Tuesday, August 9, 2016


Back in the Middle with You: 
Re-Joining my U.S. ADR Tribe

In early April 2016, after a gap of several years, I finally joined an old tribe of ADR scholars, trainers, and practitioners at the annual conference, this year in New York, sponsored by the American Bar Association’s Section of Dispute Resolution. This ABA tribe claims my heart. These are great folks doing interesting and world-altering work. I love being among them.





In my last post, I talked about several new tribes that reflect my transition to a new life in Doha, Qatar as a law professor. My new Arabian Gulf ADR tribes are important to my desire to scale-up my ADR practice and training.



Yet, the anchor for my work has always been my old ABA tribe. I have tried to serve it in several ways:
  • Member, Standing Committee on Ethical Guidance for Mediators (2006-2011).
  • Co-Chair, Mediator Ethical Opinions Database Sub-Committee of the Standing Committee on Ethical Guidance for Mediators (2006-2008). 
  • Chair of Bar Exam Committee of the Am. Bar Ass’n Taskforce on Legal Education, ADR, and Problem-Solving (2010-2011).
  • National Co-Chair, Am. Bar Ass’n Section of Dispute Resolution Representation in Mediation Competition (2003-2004).
But, when my little law school in Appalachia responded to declining student enrollments by cutting back, and then eliminating, money for conference travel by professors, my ability to play a role at the national ADR level diminished quickly. It made me very sad.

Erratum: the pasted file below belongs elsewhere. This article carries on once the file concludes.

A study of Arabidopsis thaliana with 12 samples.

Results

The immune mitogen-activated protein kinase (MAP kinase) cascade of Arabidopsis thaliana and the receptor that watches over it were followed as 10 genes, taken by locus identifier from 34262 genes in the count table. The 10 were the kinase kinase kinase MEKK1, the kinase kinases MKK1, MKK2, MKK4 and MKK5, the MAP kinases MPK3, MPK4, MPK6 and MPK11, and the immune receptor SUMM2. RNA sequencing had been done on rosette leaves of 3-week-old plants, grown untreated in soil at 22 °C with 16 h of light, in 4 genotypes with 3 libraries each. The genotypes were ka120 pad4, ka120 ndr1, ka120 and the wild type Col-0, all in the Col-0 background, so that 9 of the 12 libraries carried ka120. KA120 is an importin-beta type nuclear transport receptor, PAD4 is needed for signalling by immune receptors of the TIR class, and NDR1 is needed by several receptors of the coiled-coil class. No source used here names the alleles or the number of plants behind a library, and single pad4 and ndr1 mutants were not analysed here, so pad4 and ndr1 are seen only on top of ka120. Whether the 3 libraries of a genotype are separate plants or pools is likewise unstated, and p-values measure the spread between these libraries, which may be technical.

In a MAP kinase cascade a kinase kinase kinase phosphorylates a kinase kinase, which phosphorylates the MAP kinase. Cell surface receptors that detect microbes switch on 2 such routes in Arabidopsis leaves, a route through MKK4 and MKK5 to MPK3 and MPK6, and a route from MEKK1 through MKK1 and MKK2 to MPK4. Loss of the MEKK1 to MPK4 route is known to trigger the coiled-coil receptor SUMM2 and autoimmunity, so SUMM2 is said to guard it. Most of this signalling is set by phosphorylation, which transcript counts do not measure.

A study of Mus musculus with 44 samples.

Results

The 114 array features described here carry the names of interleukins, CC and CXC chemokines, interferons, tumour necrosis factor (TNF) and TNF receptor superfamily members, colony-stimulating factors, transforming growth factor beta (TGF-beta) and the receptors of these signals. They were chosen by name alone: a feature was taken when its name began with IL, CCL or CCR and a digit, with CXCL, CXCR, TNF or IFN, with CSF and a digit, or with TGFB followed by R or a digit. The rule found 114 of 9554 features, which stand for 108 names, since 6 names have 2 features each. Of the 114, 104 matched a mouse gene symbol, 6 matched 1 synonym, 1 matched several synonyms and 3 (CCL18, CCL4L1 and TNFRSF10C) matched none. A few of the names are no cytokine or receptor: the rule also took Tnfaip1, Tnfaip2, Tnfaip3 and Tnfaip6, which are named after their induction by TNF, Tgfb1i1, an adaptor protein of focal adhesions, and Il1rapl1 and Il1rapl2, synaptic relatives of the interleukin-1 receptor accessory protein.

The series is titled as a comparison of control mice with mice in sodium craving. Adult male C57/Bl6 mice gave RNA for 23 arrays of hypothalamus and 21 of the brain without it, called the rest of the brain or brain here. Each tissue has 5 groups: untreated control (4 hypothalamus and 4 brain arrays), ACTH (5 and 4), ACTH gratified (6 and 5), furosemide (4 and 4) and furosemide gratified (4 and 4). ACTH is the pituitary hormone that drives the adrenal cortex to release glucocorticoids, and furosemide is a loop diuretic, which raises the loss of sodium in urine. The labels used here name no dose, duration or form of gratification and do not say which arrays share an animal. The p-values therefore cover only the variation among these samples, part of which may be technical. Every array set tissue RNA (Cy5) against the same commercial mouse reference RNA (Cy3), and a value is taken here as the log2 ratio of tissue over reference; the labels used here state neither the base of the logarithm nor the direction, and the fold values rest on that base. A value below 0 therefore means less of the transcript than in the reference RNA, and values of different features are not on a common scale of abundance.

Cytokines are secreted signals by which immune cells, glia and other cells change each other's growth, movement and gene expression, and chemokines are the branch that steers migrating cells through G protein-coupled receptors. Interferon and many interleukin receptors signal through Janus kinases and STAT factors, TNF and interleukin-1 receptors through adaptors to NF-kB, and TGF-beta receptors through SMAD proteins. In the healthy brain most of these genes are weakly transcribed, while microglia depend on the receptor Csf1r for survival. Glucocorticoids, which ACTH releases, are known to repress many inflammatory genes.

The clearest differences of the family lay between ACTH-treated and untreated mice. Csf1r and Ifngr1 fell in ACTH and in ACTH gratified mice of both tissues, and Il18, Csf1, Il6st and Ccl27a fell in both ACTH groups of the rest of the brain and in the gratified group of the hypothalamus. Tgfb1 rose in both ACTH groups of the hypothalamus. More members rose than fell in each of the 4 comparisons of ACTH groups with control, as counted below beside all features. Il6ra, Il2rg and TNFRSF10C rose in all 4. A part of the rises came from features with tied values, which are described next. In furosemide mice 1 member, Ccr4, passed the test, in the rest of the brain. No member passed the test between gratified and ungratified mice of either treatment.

This spring, I was invited to join a conference panel discussing the topic of Teaching Conflict in the Midst of Conflict. Doha remains a very safe place, but countries dealing with civil war, terrorism, and other civil unrest encircle Qatar. 



I provided some information about my experience teaching in Qatar (so far, an excellent experience). I talked about teaching gender-segregated classes and the aspirations of my male and female students. Finally, I shared the information about the state of ADR in the region, which my new Arabian Gulf ADR tribe helped me assemble and understand better. See my last post for more on that topic. 

One question -- from Nancy A. Welsh, a distinguished ADR scholar and law professor at Penn State Dickenson Law School -- really sparked my thinking. I had emphasized the cultural expectation for “justice” in the Arab world. But, I could not tell her the true source of that expectation, what it meant in this cultural context, and how it would affect expectations about procedural justice in arbitration or mediation. Sounds like a future law review article.

On the last morning of each ABA conference, a mini-tribe assembles. It consists of law professors teaching ADR in what is called the Legal Educators Colloquium. Our closing question concerned the future of ADR.  Several folks talked about the role technology would play. 

As it happened, I had the final word. I said that in a world described by Daniel Pink and Richard Susskind, value would still involve high-touch and high-empathy services. We, as ADR professors, were perfectly positioned to teach law students what that means and how lawyers and ADR professionals offer those types of services to clients. I described it as heart-centered practice. Many heads nodded.